Free lunch anyone?

Discussion in 'Trading' started by Riskmanager, Jan 6, 2006.

  1. Confessions of a rate 'tart'

    Banks can no longer afford to finance 0% credit card offers, according to a new report, as the deals are costing £1bn a year in lost revenue.

    One self-confessed rate tart explains how he has made the most of cheap credit, by switching frequently between deals:

    I would definitely class myself as a "rate tart". I have changed cards more than a dozen times in the past five years, switching accounts to make the most of 0% offers - and even made money out of it.

    I have just arranged another card. That will take me into next summer.

    The process is extraordinarily simple - you can do it online. I have never been turned down.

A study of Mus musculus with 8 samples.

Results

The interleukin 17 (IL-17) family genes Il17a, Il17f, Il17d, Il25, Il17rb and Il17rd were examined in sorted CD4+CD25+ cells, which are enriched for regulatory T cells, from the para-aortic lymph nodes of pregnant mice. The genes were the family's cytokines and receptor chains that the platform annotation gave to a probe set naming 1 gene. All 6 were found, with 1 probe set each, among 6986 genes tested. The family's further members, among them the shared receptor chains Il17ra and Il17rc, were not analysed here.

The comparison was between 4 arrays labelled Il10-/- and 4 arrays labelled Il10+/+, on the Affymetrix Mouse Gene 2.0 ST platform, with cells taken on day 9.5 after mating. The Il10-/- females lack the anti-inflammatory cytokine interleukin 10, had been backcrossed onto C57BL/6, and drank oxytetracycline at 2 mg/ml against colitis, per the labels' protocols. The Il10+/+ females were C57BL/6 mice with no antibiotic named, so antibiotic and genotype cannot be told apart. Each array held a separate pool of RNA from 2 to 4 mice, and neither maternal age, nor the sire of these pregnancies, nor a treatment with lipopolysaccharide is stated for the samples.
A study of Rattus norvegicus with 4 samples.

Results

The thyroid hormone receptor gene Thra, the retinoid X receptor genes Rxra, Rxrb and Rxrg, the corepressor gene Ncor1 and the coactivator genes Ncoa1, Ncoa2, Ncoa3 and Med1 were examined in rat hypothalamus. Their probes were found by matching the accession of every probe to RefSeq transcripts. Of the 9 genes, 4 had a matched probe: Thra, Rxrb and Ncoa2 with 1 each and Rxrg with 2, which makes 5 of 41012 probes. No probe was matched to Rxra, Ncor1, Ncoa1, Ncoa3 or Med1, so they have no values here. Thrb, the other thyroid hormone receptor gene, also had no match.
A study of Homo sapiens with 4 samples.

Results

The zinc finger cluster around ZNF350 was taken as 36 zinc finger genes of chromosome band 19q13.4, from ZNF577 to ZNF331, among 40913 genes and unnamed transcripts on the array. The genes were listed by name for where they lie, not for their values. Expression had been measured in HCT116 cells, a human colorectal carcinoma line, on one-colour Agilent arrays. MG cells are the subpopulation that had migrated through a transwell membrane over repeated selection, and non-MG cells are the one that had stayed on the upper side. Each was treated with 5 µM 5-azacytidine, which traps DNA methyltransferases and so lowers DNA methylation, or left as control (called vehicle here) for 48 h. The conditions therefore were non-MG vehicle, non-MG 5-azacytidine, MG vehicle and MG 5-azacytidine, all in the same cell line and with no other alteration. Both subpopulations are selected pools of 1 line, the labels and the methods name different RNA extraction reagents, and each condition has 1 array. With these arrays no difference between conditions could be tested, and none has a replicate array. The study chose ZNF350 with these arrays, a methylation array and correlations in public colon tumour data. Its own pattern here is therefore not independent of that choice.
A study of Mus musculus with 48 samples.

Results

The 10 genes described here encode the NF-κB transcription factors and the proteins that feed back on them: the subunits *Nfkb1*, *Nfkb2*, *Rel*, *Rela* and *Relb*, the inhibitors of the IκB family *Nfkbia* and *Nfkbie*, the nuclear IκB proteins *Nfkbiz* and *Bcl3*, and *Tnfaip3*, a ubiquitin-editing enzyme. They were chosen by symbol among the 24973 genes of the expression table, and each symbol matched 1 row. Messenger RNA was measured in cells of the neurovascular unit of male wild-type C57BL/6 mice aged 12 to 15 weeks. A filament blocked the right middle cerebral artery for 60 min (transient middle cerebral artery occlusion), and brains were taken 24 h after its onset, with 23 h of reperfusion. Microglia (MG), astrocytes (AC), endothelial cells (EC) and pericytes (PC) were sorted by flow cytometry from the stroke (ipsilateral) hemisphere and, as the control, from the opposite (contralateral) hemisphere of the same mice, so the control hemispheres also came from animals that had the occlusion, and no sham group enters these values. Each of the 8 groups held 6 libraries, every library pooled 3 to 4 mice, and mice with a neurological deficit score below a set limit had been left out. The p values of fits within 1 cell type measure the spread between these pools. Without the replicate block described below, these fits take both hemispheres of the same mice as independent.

I've found that far from becoming more restrictive, it has become even easier to get the 0% deals. Many of the providers have extended the interest-free period, from six months to nine months. It is also possible to negotiate additional 0% periods with some lenders.

    I've been caught out once. I missed the end of the 0% interest-free period by one day and was charged interest on the total debt. You have got to be really assiduous about not missing the end of the interest-free term.

    However, I've also made the odd few hundred pounds by borrowing extra within the interest-free period and then paying it back at the end of the period.

    This is possible because some of the companies will simply let you put a lump sum into your current account at 0%, as well as transferring an existing balance. I've subsequently put this money into tax-free savings accounts and earned some interest.

    Personally, I don't think the credit card companies will stop offering these deals. It's still in their interest to do so. Quite frankly, I've heard it all before.

    But I wouldn't recommend it necessarily; because you postpone the "evil hour" when you have to repay your debt, it takes the pressure off and your debt can increase.